Holness says Gov’t has money to fix bad roads
Prime Minister Andrew Holness says the Government has money to repair roads across Jamaica, declaring that the challenge is not the money but how to spend it efficiently on the right roads, and without corruption.
"For the first time in a long time in Jamaica's history, your government is in a position to make budgetary allocation to treat with road repairs," Holness said as he spoke to persons who may have "given up hope" that the roads will be fixed or have been "drawn into schemes to protest".
Holness, who was addressing a meeting of the Jamaica Labour Party (JLP) central executive meeting in Ocho Rios, St Ann, yesterday noted that Jamaicans have been demonstrating for better roads in many communities across the country. He said that many of the demonstrations are orchestrated and claimed that some of the demonstrators are being paid to do so.
A strike by disgruntled taxi operators disrupted classes and the local transportation network in Westmoreland last week when they blocked the main road between Grange Hill and Savanna-la-Mar and demanded its immediate rehabilitation.
Holness told the JLP functionaries to pay close attention to the demonstrations, adding that whether or not they have been orchestrated, "we still listen to the voice of our people.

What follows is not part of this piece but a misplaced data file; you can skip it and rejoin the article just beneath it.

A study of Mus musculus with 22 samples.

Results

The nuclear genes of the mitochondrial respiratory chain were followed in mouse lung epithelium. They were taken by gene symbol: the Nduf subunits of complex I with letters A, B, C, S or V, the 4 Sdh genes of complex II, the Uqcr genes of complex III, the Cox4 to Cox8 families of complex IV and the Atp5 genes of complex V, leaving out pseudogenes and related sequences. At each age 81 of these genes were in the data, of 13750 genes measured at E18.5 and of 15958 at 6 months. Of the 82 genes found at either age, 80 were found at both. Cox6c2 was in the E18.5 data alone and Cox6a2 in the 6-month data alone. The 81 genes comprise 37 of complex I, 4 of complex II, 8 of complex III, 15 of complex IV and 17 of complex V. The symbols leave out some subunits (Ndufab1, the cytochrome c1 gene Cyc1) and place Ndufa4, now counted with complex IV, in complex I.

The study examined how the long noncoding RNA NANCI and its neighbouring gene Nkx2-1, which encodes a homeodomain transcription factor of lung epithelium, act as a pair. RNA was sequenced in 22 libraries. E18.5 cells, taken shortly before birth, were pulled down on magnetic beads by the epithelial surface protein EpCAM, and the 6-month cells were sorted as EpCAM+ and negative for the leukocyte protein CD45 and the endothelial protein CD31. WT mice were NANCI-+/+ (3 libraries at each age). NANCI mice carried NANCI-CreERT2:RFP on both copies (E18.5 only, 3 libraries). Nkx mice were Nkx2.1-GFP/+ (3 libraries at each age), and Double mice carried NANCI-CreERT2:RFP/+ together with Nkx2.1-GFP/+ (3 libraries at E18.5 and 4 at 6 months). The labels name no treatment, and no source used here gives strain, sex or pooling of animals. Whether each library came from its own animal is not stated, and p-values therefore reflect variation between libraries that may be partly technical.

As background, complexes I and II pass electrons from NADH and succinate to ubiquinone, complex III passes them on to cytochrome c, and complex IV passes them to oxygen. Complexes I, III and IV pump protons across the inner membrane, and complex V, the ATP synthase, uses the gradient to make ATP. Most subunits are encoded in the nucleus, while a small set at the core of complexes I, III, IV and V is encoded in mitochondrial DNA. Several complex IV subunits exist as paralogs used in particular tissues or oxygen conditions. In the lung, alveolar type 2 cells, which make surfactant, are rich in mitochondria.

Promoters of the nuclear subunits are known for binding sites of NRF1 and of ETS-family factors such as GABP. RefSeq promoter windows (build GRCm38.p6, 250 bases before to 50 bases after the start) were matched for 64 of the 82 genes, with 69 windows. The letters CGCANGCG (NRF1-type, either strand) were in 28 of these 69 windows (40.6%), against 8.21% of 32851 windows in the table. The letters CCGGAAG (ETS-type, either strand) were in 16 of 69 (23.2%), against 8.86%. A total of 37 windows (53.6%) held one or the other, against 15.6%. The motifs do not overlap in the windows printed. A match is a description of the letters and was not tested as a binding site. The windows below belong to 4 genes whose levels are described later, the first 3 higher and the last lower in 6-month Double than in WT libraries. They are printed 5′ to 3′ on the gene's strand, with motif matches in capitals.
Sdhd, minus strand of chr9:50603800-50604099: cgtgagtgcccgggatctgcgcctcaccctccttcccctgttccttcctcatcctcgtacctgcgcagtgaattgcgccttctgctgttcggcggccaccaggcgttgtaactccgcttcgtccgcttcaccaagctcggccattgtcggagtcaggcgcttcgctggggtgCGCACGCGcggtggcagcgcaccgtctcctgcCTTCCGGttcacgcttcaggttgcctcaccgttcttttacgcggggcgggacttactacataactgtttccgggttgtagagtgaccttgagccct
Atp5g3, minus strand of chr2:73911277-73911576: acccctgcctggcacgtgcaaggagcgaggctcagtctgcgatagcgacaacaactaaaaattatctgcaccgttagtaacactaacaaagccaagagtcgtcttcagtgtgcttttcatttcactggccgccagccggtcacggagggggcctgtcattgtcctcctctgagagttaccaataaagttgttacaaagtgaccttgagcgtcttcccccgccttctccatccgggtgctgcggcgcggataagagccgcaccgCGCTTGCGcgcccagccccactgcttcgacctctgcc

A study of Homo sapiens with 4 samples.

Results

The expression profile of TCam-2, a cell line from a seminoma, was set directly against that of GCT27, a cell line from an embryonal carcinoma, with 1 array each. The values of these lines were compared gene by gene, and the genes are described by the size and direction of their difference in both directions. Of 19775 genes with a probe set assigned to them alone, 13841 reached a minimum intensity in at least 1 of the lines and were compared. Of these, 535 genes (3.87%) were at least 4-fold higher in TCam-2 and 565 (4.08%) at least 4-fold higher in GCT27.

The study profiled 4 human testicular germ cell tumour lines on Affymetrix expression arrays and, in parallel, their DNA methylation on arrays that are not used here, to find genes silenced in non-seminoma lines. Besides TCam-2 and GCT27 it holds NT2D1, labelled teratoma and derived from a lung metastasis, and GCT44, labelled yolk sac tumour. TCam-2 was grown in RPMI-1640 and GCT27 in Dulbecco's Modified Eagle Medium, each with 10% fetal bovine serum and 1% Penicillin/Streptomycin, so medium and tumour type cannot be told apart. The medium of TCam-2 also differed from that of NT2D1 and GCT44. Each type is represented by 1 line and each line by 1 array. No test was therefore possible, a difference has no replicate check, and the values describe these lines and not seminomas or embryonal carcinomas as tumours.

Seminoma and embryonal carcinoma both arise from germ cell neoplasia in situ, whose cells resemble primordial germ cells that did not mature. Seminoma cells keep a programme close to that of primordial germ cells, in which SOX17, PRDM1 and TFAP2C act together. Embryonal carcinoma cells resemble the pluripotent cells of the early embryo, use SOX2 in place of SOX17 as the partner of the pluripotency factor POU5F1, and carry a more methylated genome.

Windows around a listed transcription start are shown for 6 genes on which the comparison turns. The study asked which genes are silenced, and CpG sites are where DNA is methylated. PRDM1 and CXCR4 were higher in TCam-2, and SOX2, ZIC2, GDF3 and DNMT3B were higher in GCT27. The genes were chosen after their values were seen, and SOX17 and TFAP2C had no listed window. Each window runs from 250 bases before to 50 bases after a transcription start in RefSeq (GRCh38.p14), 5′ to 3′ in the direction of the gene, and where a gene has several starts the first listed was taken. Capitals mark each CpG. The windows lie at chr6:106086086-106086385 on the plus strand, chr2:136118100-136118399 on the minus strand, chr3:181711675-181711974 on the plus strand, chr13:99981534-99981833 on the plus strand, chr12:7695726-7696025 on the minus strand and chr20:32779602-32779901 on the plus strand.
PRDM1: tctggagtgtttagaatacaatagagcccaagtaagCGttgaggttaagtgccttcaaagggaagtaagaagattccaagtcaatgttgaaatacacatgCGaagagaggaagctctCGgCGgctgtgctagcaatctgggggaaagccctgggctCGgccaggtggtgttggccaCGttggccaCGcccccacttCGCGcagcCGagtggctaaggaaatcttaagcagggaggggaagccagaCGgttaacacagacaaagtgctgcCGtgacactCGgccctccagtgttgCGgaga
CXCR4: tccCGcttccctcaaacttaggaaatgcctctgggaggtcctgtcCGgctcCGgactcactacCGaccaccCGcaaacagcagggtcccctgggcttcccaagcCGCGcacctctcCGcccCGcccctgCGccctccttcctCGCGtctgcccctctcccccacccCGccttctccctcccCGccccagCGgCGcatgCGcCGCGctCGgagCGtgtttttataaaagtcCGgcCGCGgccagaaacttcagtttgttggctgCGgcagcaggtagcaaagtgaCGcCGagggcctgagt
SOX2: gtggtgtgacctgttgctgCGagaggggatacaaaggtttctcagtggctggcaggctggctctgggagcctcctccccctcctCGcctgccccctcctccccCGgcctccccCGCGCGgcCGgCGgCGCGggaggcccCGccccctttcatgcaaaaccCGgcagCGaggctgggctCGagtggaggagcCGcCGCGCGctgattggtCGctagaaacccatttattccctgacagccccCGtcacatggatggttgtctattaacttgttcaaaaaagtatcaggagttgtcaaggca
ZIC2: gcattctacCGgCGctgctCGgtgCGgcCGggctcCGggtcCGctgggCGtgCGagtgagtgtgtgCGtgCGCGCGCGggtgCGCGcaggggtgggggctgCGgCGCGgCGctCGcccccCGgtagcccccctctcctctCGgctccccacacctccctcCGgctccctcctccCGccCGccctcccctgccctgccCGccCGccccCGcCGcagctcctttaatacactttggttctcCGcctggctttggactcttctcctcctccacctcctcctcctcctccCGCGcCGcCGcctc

"If a road is a concern to our community, the Government must pay attention to it. I know that there are many communities across the island where, since the founding of the community, the roads have not been repaired," Holness said.
He said that there are people who have waited for years for their roads to be repaired and warned that they may become "frustrated" or "feel slighted" when they see highways being opened while their roads remain in a state of disrepair. He, therefore, attempted to convince Jamaicans that his administration is in a position to make a "budgetary allocation of a reasonable size in a systematic way" to fix the country's bad roads.
The prime minister said a critical part of the government's road improvement plan is the $40-billion road improvement project to modernise more than 2,000 roads islandwide. He said that councillors and members of parliament will play an integral role in selecting roads for repair.